Sound Shirt – Wearable Tech Helps Deaf People Feel The Music
Cutecircuit has done it again. The London-based fashion tech company has just tested a new type of shirt that lets deaf people feel the music.
The garment is called the Sound shirt, and it is an alteration of another Cutecircuit concept called the Hug Shirt. The Jungen Symphoniker Hamburg, a German orchestra, commissioned and then purchased the Sound shirt.
The dress has many embedded actuators – little motors that vibrate, reflecting the intensity of the music. The shirt connects to a computer that gathers the audio data from the microphones located around the orchestra, on the stage.
Watch The Sound Shirt In The Video Below
“We mapped the body as a reflection of the musical changes. The bass notes down, in lower parts of the torso, and the lighter notes, further up on the body, around the neck area. While the wearer of the Sound shirt is listening to the orchestra, certain areas on the garment become more active than others”, said the Cutecircuit CEO, Ryan Genz.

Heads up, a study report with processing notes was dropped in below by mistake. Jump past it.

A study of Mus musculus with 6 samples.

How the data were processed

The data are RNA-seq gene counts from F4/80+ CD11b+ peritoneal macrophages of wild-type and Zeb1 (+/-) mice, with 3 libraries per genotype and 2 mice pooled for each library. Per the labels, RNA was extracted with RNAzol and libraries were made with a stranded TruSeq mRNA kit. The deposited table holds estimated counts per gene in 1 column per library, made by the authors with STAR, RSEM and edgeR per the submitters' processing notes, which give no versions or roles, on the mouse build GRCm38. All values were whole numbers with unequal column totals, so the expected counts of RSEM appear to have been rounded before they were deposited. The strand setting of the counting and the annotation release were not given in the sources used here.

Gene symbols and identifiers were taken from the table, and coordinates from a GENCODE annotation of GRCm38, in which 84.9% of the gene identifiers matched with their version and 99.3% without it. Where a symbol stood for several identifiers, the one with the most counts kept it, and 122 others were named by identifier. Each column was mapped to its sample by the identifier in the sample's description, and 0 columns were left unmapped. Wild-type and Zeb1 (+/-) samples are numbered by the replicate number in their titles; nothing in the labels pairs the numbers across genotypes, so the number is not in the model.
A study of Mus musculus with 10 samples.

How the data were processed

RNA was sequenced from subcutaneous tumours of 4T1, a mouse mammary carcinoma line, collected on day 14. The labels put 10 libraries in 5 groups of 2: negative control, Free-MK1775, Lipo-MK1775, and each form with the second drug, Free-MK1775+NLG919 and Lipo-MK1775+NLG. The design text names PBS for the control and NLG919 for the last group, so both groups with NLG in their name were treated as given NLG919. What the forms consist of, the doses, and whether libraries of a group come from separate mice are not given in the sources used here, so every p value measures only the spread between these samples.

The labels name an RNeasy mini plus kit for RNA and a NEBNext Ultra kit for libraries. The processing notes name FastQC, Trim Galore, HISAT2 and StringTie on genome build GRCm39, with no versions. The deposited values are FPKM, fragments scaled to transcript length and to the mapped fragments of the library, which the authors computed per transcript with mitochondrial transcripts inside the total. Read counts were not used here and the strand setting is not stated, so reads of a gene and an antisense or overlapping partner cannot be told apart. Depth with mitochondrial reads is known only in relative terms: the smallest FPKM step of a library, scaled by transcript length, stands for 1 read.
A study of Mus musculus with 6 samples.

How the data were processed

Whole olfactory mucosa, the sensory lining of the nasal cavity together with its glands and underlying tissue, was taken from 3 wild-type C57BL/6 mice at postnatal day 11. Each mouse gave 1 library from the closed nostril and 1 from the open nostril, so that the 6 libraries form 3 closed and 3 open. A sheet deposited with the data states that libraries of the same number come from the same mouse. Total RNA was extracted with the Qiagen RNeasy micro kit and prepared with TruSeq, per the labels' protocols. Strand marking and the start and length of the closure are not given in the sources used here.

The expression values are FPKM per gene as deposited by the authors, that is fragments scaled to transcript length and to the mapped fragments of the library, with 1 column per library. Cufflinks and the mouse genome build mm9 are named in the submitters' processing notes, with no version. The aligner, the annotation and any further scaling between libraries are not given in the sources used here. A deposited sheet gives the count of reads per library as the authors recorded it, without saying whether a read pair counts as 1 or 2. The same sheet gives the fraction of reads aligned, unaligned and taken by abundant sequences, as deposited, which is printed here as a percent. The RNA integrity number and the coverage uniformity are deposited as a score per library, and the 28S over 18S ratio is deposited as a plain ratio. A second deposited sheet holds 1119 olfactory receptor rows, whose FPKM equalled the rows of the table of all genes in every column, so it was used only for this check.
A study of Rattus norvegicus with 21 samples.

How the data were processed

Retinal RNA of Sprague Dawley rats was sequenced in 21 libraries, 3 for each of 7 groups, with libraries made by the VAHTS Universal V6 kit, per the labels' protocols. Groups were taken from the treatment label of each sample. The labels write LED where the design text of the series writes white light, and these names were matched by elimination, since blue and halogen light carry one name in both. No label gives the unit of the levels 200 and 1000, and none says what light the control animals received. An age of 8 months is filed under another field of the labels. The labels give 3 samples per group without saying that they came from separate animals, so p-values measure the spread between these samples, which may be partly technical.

The dress reacts to the music, taking the wearer on a tactile journey, bringing the notion of “listening” to another level.
Inspired by the Hug Shirt, the Sound shirt brings more than just another novelty feature to the nowadays garments.
Just like Project Soli from Google that is working on developing a new interaction sensor using radar technology. Soli’s sensors can track tiny, subtle motions, with very high accuracy. The smart, wearable tech fits onto a chip, can be produced at scale and built into the garments of the future, just like the new dress from Cutecircuit.